About an hour ago, the privately held Tribune Company filed for Chapter 11 Bankruptcy protection. The Tribune Company is the owner of the Chicago Tribune, Los Angeles Times and Baltimore Sun, as well as a minority owner of the Chicago Cubs (not included in the bankruptcy filing).
The conversation I’ve heard around this news has been interesting. For as much grief as some of these main-stream press have caused some community members, mostly in politics or local governments where the Tribune papers are, the feeling is that metropolitan areas served by these papers currently cannot function without a hard format newspaper.
The cities with the biggest three Tribune papers all have alternative daily circulars. Kind of. Los Angeles could lose the LA Times and still have the Los Angeles Daily News. Chicago could theoretically lose the Chicago Tribune and still have the Chicago Sun-Times. Baltimore would be stretched thinnest losing the Baltimore Sun and leaving the Examiner (though proximity to Washington, D.C could position the Washington Post or the investigative journalistic Washington Times to fill the void).
What strikes me is the difference between long-standing community members (those who have been born and raised in an area, and have been shaped by the daily circular) and the generational transience of those who simply don’t care, and move from locale to locale throughout life.
I’ve personally lived in the Baltimore area for most of my life, and have no loyalty or affinity to the Baltimore Sun. But those who have lived here all their life (and maybe from another generation) have been directly impacted by the Sun and can’t cope with life without it.
In my life, I can’t answer the famous Palin question/non-answer “What newspapers do you read?” because I don’t. If there is a loyalty to a paper, it is the New York Times. Why? Because they adjusted to a world not based on the physical paper. They are no longer “the grey lady” and now represent something so much more, and have extended their base outside of the previously known and understood paradigm. (Of course, that won’t necessarily keep them out of trouble either, but I digress.)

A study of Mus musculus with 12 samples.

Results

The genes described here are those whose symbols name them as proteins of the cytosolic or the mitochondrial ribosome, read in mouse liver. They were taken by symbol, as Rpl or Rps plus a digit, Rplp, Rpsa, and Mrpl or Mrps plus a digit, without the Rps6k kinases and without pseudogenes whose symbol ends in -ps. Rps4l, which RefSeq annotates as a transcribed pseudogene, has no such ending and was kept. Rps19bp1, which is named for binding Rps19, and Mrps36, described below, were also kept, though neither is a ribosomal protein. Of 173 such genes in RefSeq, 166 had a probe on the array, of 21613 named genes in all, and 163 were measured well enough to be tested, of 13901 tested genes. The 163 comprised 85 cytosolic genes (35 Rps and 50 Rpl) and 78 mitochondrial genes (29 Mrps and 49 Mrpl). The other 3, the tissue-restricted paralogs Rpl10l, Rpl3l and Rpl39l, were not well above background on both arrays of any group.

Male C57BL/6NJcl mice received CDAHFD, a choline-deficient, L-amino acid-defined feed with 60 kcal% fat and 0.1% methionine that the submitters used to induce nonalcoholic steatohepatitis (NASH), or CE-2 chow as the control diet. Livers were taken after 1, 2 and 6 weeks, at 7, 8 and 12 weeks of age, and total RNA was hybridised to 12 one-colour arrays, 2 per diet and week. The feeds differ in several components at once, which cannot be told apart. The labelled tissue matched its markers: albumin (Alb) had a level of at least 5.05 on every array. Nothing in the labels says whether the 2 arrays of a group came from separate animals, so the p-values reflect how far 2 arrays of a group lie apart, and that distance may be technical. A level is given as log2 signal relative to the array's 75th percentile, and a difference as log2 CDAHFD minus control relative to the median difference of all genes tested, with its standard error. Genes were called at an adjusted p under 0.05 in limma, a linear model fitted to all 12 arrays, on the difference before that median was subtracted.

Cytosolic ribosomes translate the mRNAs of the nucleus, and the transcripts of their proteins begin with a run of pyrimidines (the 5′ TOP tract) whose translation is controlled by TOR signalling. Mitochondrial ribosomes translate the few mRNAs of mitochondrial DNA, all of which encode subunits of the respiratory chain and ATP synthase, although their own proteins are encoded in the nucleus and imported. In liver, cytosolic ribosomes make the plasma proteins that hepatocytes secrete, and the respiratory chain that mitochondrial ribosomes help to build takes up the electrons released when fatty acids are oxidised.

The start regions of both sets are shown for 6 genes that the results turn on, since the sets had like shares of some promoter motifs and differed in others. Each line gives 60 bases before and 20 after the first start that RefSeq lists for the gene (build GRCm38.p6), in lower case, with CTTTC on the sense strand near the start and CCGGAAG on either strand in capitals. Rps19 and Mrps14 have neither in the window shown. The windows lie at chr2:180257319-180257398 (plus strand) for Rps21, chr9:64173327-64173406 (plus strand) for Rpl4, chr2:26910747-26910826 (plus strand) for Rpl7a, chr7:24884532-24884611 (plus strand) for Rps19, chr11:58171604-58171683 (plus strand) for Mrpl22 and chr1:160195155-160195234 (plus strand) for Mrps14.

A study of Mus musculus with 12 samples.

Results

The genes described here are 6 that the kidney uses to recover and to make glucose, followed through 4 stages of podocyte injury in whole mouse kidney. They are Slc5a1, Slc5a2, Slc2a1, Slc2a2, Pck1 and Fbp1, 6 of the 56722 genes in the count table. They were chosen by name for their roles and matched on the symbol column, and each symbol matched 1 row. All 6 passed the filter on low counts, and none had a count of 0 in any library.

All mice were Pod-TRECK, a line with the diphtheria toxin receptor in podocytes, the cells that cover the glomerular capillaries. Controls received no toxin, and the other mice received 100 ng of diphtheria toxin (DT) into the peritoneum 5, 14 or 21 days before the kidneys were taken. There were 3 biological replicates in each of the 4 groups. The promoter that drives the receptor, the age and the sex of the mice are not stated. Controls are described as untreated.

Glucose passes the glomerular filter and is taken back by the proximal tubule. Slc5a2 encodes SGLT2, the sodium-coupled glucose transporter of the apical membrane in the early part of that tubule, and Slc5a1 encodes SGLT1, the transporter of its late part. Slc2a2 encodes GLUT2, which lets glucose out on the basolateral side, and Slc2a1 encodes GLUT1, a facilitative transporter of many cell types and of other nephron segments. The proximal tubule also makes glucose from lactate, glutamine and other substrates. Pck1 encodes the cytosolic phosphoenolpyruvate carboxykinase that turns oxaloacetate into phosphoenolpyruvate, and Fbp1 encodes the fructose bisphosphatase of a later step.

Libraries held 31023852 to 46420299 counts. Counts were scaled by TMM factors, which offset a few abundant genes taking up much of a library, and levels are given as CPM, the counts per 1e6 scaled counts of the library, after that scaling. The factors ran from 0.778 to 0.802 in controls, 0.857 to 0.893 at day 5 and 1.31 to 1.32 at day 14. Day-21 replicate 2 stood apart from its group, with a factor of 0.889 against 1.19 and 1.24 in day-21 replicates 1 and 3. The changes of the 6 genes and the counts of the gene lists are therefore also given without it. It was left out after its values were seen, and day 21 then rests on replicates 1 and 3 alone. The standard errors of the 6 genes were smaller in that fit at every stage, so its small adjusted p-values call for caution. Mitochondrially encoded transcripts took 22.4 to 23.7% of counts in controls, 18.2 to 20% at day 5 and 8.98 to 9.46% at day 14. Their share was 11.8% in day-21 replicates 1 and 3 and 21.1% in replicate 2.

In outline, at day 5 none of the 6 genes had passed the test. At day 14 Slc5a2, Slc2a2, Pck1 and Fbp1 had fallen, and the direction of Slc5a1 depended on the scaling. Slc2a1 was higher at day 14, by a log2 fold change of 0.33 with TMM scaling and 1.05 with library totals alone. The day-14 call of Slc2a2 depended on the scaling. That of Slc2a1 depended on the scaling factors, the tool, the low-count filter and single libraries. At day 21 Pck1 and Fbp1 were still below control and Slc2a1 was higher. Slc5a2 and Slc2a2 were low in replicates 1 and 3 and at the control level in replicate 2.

It will not sadden me to see the Tribune company go. It is obvious to me that newspapers, like the Tampa Tribune, who don’t adjust to the 21st Century need to fail. That does not mean that the age of hard print should die. On the contrary, it is possible for news organizations to rise up around an open culture of information sharing and digital cultural change, and provide an offline (paper) offering as well. It’s not just a possible change. It’s a required one.
Also to be clear, Chapter 11 is reorganization… not apocalypse. The Tribune Company will likely spin off some of these assets to, hopefully, better digitally savvy stewards. It is possible for these papers to reinvigorate and jump into the 21st century as well. If not, they will be replaced by lighter, more nimble and astute media organizations that are digitally competent.
I can’t wait to see how it plays out.